Pro-Life, Pro-Choice Groups Debate Causes of Declining Abortions

Pro-Life, Pro-Choice Groups Debate Causes of Declining Abortions

A new report released by the pro-abortion rights Guttmacher Institute states that the abortion rate among American women has dropped to its lowest level since 1973, a finding that has the authors concerned that new state restrictions on later term abortions and regulations that tighten the health and safety standards of abortion clinics could cause these numbers to decline even further.

According to a New York Times report, Rachel Jones and Jenna Jerman, the authors of the study, noted that their work focused on the time period between 2008 and 2011 – which is prior to most of the recent state abortion restrictions.

“Some of the new regulations undoubtedly made it more difficult, and costly, for facilities to continue to provide services and for women to access them,” the authors said, and added that future studies would monitor the effects of new state abortion laws.

The researchers’ conclusion, however, is that the rate of abortions declined because of increased use of contraception.

“Contraceptive use improved during this period, as more women and couples were using highly effective, long-acting, reversible contraceptive methods,” Jones said. “Moreover, the recent recession led many women and couples to want to avoid or delay pregnancy and childbearing.”

Americans United for Life, a pro-life organization, said the report was “long on strained conclusions” and that it failed to accurately portray the impact of anti-abortion education and laws.

Carole Joffe, a sociologist at the University of California, San Francisco, agreed that the wider use of contraceptives is an important factor in the decline of abortions. She added, however, that the anti-abortion movement had “been very successful at stigmatizing abortion” and that this aspect was likely influential as well.

Kristan Hawkins, president of Students for Life, told Breitbart News that recent studies show that teens are now delaying sexual activity, largely due to education programs that warn about the consequences of sex.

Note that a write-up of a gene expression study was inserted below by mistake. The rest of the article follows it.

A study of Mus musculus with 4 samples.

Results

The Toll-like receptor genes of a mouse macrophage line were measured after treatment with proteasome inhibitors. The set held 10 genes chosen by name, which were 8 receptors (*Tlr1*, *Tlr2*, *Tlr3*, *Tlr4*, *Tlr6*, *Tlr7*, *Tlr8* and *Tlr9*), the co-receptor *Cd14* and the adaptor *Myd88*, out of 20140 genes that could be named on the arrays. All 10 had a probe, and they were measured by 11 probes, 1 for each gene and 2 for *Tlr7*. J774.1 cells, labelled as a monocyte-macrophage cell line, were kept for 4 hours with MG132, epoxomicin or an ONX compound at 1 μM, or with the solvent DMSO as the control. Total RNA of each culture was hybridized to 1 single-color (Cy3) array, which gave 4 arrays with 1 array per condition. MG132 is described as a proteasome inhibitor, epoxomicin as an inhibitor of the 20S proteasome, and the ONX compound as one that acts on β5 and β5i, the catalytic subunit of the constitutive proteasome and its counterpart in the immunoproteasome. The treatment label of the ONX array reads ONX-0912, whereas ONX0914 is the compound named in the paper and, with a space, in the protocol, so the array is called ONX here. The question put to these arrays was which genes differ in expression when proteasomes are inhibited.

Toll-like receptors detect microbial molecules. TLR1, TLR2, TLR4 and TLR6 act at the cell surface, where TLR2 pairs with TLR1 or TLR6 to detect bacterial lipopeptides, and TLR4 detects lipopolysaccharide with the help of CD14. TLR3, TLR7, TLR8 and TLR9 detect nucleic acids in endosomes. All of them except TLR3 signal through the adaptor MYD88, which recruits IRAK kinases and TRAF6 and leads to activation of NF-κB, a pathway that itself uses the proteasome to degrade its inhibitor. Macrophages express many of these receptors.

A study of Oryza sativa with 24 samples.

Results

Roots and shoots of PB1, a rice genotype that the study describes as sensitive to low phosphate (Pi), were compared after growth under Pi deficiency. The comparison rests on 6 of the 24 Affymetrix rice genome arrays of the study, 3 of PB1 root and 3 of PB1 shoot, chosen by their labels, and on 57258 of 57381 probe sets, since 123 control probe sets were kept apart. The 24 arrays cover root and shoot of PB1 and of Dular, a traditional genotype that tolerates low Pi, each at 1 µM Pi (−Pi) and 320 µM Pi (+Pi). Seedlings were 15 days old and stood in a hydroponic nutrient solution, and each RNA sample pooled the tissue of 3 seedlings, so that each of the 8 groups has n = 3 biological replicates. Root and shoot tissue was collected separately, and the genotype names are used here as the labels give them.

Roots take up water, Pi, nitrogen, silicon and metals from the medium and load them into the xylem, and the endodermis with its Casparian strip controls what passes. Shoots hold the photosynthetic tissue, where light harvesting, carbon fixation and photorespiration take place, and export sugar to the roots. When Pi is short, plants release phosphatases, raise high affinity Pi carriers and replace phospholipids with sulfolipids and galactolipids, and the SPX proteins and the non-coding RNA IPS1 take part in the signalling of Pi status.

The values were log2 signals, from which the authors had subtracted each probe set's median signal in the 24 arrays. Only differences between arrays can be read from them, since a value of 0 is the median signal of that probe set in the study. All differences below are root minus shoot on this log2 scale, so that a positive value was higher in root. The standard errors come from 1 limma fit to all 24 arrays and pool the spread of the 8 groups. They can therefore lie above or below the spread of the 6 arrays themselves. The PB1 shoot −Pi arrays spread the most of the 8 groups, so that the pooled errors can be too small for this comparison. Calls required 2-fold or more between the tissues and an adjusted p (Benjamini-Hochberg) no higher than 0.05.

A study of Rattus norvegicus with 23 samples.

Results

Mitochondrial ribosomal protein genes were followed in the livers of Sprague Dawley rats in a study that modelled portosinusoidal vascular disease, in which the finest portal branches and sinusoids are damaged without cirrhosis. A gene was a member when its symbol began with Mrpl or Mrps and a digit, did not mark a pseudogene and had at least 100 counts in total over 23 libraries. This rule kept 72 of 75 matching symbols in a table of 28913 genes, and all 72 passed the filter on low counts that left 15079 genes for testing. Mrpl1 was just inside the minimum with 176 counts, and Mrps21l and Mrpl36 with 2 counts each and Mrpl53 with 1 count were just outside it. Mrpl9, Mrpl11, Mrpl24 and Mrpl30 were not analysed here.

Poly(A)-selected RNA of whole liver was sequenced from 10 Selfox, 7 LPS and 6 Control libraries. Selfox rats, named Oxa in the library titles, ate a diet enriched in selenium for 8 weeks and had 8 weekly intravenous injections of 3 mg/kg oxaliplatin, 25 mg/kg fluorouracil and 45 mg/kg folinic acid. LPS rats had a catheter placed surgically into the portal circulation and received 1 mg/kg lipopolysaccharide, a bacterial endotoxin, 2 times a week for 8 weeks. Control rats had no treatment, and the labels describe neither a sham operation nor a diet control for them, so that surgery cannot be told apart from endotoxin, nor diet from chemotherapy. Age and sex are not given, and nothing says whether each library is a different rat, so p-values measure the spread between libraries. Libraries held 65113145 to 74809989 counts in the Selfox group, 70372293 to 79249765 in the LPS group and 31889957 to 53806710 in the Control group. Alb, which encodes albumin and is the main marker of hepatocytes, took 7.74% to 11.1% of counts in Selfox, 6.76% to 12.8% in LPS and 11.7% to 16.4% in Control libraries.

“Teens delaying sex means less unintended pregnancies, which results in fewer abortions,” Hawkins said.

“As compared to abortion views when abortion rates were their highest, today those most vulnerable to abortion are more likely to reject it,” Hawkins added. “In 1991, a majority of young people viewed abortion favorably, and the abortion ratio was 27.4 percent (abortions/total pregnancies). In 2011, a majority of young people viewed abortion negatively, and the abortion ratio was 21.2 percent.”

Hawkins said that the declining rate of abortions shows that if states are willing to assert themselves against the abortion industry, abortion rates will drop.

“Those states with the lowest rates in the report have some of the toughest regulations against those who commit abortions,” she said. “Those states with the highest abortion rates in the Guttmacher report have the least amount of abortion restrictions.”

In a press release, Marjorie Dannenfelser, president of the pro-life Susan B. Anthony List, said, “While working to pass lifesaving laws the pro-life movement has also been educating Americans about the reality of abortion, steadily changing hearts and minds.” She explained:

The debates going on in the states and on the federal level to protect babies after 20 weeks, ban sex-selection, stop taxpayer funding of abortion, and more, are evidence themselves that our arguments are convincing. The child in the womb is increasingly being seen for what she is: a second victim of the violence of abortion. Guttmacher’s new report is another indication that our nation is indeed growing weary of the destruction wrought by legalized abortion on demand.

However, in the same press statement, Chuck Donovan, president of CLI, warned, “As welcome as news of this decline is, more information is needed.”

“The Guttmacher data is based on completely voluntary reporting by abortion providers,” Donovan said. “Until we have consistent reporting requirements, inclusive of states with high abortion rates and gathered by publicly accountable bodies, we cannot begin to paint a complete picture of U.S abortion trends.”

Donovan called for improvement in the process of collecting data. 

“States like Arizona and Minnesota prove excellent examples of how improving data collection can allow public and private entities to better serve women and their unborn children,” he said.